A dad reflects on how becoming a father also is about becoming a healthier person
The last meal I ate before the birth of our first child consisted of a jar of queso dip and a dessert called Oreo cheesecake cupcake serenity. Those food items, however scrumptious, were not out of celebration or anxiety. They were pretty much the norm.
The next day, our son was born. And that’s where this story starts.
This is not a journey of extreme weight loss, a fitness guide for parents, or a long and winding trip from the dark side. My story is about fatherhood giving me a reason to be me.
On the day my son was born, I tipped the scale at over 200 pounds. I would have never told anyone I was overweight, but the chart at my doctor’s office said I was nearly 20 pounds heavier than my ideal weight.
But then my kids created a little conduit — asecret passageway — between my actions and their heart, a connection that intertwines my life with the future of theirs.
My role in the world had changed. I was now someone’s father, someone’s role model for the rest of their life. A question gnawed at me, “What kind of father, what kind of person, would my children see?”
When my son was born, I wasn’t new to the world of healthy habits. I liked to run. I played varsity sports in high school and, often to the detriment of my schoolwork, I was a gym rat in college.
My first post-fatherhood run lasted a quarter of a mile. My legs were heavy. I told myself I could make it a few more minutes, but the heaviness of each breath finally forced my ego to back down. I walked a couple shame-filled minutes and went home to my newborn. That question was now, quite literally, weighing on me.
What kind of father would my children see?
Later that year, I signed up for my first 10k race. Between early morning feedings and nights of colic-induced tears, somehow I trained for and finished the race.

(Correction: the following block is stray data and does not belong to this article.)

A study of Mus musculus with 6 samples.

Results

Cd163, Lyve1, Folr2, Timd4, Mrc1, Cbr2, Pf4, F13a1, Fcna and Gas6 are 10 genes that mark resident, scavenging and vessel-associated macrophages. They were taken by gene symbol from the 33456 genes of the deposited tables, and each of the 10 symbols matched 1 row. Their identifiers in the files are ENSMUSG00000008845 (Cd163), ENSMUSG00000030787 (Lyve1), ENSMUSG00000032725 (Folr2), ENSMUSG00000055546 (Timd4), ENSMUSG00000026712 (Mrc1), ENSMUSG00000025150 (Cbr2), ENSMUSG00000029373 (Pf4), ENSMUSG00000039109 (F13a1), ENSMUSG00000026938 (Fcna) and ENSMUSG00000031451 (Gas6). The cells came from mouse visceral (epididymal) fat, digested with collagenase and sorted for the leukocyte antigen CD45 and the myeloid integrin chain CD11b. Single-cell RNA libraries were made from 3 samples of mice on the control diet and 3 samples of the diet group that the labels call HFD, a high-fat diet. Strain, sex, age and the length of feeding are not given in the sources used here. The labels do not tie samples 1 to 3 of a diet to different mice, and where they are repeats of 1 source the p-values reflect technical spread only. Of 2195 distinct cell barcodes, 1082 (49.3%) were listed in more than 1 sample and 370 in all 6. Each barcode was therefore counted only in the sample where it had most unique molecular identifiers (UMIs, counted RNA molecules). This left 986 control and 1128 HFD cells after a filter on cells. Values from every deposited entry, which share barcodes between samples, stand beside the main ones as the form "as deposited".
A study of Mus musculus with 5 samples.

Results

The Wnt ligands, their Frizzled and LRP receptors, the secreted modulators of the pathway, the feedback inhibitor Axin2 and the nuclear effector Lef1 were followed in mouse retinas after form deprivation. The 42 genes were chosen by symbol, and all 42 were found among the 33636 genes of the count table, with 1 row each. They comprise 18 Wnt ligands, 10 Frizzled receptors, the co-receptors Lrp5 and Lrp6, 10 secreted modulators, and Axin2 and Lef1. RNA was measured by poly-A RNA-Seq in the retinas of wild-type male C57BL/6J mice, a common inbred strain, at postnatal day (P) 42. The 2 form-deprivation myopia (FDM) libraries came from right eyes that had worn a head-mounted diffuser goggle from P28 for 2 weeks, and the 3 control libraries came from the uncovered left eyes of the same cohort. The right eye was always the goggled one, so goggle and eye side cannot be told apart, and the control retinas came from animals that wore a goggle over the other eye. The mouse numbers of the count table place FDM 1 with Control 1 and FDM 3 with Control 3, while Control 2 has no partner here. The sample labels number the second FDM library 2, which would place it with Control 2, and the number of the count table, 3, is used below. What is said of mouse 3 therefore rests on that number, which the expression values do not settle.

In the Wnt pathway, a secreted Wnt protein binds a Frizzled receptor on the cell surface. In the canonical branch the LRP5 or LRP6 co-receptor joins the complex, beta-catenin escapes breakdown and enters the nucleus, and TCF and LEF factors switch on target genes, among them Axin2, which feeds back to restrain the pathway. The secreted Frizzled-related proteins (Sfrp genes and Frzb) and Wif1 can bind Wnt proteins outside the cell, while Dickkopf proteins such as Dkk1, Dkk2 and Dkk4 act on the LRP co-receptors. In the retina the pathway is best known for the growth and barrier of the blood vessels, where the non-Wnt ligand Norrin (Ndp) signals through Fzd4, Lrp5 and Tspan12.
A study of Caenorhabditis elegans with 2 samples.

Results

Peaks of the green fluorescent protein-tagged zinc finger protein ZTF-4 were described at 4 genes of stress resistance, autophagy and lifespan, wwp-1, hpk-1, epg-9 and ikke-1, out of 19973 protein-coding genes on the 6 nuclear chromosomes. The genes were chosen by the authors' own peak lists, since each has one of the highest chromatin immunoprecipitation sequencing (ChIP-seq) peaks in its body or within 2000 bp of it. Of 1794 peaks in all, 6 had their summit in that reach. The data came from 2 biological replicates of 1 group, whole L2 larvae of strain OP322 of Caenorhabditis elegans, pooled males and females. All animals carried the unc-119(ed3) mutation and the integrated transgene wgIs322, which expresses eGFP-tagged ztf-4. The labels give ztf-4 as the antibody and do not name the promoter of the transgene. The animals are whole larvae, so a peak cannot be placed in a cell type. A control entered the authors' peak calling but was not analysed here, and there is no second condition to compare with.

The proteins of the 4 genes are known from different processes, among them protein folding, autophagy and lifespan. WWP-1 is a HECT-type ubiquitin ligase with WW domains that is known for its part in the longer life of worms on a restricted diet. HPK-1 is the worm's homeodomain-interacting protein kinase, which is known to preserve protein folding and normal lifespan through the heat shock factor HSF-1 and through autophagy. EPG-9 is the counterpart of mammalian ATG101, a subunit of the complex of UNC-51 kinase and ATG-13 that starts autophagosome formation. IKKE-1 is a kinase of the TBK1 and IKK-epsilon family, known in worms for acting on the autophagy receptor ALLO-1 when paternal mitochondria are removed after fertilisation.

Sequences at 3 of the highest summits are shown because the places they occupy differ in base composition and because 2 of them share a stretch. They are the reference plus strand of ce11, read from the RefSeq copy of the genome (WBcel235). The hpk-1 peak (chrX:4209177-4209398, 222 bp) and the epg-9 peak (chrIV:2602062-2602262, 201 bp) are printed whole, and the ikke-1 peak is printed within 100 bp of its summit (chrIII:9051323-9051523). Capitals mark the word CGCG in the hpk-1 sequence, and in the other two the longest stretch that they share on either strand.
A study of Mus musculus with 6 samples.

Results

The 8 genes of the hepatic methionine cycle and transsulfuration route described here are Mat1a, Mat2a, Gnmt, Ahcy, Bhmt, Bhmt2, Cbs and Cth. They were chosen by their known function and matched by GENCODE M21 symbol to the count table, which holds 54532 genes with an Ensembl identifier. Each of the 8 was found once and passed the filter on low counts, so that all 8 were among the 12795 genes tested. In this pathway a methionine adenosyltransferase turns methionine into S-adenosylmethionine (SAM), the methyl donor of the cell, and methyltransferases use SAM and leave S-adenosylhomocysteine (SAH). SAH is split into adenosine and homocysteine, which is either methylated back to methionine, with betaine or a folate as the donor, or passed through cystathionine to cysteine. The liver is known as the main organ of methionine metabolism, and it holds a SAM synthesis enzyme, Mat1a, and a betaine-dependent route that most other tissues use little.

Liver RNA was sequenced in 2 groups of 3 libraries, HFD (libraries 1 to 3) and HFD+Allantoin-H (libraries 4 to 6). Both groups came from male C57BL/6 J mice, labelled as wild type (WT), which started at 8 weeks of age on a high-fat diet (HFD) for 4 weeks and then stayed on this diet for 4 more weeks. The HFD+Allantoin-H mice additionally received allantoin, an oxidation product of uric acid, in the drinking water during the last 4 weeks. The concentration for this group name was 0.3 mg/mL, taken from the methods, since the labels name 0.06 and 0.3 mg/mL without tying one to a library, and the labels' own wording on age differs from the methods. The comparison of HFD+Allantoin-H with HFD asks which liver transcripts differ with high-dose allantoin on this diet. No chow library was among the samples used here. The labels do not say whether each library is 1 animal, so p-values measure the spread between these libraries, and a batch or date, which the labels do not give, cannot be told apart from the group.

With the support of my wife, I signed up for my first half-marathon the next year. I found reasons to include my children in exercise. I started reading food labels and watched my son watch me sweat in front of the television. Breathing became easier. Running actually became fun. My weight was no longer a hidden shame.
I was finally answering the question. I became a father who makes goals and achieves them. I run, hike, lift and play. I make dinner for the family. I wrestle with my kids. I am the superhero to their villains. I carry them through the store. I race down the street and dance with them in the living room.
This past weekend, I ran my second full marathon. Somewhere around mile 19 of the doggedly tough 26.2, I longed for my wife and children. Each step brought me closer to seeing them at the finish line.
With 200 yards to go and my family in sight, my oldest son dropped his “Go Daddy Go” sign and held my hand through the end.
Personal bests and finished races don’t make me a great parent. Being present with my children makes me a better father. Being a better father makes me a better person.
Don’t get me wrong, there will still be days of queso dip and chocolaty desserts in my future. But now the scale tips more in favor of healthy habits that include my children — thanks to my children.
Looking for a fun way to get the whole family involved in healthy habits, sign for Fruit & Boot Camp. Two dates available in July. Free.